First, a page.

Published:Tuesday | March 16, 2010 | 12:00 AM
Beres Hammond
Beres Hammond soaks up a round of applause from appreciative patrons during his performance at Studio 38, Pulse Complex, on Sunday. - Winston Sill/Freelance Photographer

There are only a few performers whose appearance on the steps leading into a venue is met with applause and, on Sunday night, Beres Hammond got that welcome from those who spotted him as he entered Studio 38, Trafalgar Road, New Kingston. There may have been some relief to go with the pre-performance acclaim, though, as shortly before there had been impatient handclaps for showtime when the promised 15-minute intermission turned the corner to three-quarters of an hour.

Before the break, Lloyd Parkes and We The People Band had kept the bumper crowd moving, Clancy Eccles Jr delivering in the mode of Lionel Richie (Three Times a Lady) and Tarrus Riley (She's Royal), while Parkes closed the segment Officially.

But it was Hammond those who held doggedly to their front and centre seats or popped out umbrellas on the perimeter of the seating area to fend off the few raindrops (which soon ceased) had come to see at unusually close range. Hammond carried the congeniality he displayed offstage, greeting many in the performance area, but he added an infectious intensity in delivering from his tremendous catalogue to make for a riveting 95 minutes.

Not that Hammond's opening comment was an indication of what was to come. "How the show go, your guess or mine. All I know I going sing two tune," he said, white shirt buttoned right up and smiling under the peak of his trademark cap.

Painless

That shirt was loosened then totally unbuttoned in short order, the sheen of effort dampening Hammond's white merino, and while the cap stayed firmly in place, the left side got several hard slaps in time to the music which was hitting Hammond painlessly and his adoring audience gloriously.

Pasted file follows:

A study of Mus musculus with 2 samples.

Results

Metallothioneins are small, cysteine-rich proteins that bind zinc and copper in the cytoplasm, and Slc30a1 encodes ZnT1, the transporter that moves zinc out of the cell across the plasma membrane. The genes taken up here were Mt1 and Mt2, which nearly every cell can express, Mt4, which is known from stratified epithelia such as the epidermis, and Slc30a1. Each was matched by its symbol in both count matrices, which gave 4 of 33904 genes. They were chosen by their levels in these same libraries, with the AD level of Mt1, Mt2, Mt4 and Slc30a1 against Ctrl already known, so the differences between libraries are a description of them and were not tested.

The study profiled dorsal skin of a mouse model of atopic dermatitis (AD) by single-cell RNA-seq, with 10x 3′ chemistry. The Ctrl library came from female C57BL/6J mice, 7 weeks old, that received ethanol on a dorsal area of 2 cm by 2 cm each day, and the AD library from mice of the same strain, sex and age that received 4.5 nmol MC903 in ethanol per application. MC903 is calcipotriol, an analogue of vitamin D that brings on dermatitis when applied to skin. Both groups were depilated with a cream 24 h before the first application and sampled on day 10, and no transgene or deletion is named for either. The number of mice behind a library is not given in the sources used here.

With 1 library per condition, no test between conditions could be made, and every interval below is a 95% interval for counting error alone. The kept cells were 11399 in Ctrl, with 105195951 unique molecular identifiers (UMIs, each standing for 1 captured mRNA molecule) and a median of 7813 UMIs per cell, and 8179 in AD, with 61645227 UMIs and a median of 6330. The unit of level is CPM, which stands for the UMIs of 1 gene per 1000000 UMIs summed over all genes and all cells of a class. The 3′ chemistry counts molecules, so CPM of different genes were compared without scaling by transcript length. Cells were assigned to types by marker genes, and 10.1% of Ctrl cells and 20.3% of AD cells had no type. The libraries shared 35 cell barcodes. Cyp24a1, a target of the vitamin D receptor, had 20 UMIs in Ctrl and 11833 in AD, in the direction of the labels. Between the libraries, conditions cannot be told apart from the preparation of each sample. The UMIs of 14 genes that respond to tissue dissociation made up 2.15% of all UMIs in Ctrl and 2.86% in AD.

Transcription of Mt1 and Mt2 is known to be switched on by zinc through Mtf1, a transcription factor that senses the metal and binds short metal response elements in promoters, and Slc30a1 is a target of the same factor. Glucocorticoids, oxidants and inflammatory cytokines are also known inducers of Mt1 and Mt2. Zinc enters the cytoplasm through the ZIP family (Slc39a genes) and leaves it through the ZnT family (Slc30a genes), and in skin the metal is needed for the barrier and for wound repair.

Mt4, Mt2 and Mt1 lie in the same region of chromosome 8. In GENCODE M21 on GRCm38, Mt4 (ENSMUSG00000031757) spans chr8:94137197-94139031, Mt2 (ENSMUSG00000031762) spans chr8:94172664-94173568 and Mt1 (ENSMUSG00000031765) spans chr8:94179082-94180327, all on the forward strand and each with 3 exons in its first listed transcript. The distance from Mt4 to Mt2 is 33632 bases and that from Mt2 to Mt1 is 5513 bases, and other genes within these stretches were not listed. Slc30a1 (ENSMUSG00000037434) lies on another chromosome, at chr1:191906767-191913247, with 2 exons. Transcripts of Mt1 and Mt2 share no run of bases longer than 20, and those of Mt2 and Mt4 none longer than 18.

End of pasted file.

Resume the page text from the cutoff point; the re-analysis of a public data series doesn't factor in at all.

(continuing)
He started out with a mini review of his musical progression, the R&B I'm So In Love, the lovers' rock of Can't Stop a Man, the uptempo reggae Step Aside Now and the rub a dub One Dance. The party was definitely on and Hammond paused to further establish the bond between himself and the audience. "Can I call you family?" he asked and got the expected resounding yes. Then he established his dancehall credentials with Who Say (Big Man Don't Cry), growling part of Buju Banton's segment and flinging a foot in the air as the audience erupted.

Having outlined his longevity, versatility and quality, Hammond said: "this thing start from the early '70s going through and I give thanks to all of you. We hardly get a chance to say thank you." And he made his words flesh, shaking hands with members of the audience.

It was not his last venture into the ranks of the spectators and, with persons close on both sides of the performance area, at points Hammond seemed part of the crowd rather than a separate performer. He was down the aisle and leaping in time with the audience on Can You Play Some More. On No Disturb Sign, he hugged a lady up front and she took a crack at the refrain. And throughout the concert, Hammond kept up a running conversation with a set of ladies standing to his right onstage.

The audience participated fully in the concert, Double Trouble, Putting Up Resistance and Rockaway among the bigger 'chorale' songs. And the bond between the Harmony House Band and singer was evident, the music orchestrated for maximum effect - contributing the full punch of rockers where required, often stepping back to totally foreground Hammond's soul-filled, gritty vocals.

Full party effect

The style of delivery varied, the songs run together for full party effect in the earlier stages, then done in full with a definite end in the later ones. Hammond was not averse to reaching back to soul antecedents, as after Tempted to Touch he moved into Golden Touch and Sentimental Reasons.

However, the aural and visual impact of the horn section was missing. Also, in the early stages, there was a sound glitch which was, thankfully, not repeated.

Approaching the end of the concert Hammond came up to his most recent album with I Feel Good, there was a cameo from Jimmy Riley, who did Conversation and Hammond closed by "giving thanks" in tandem with Lenya Wilks to round off a superb night.

Toots Hibbert continues the fortnightly Studio 38 concert series on Sunday, March 28.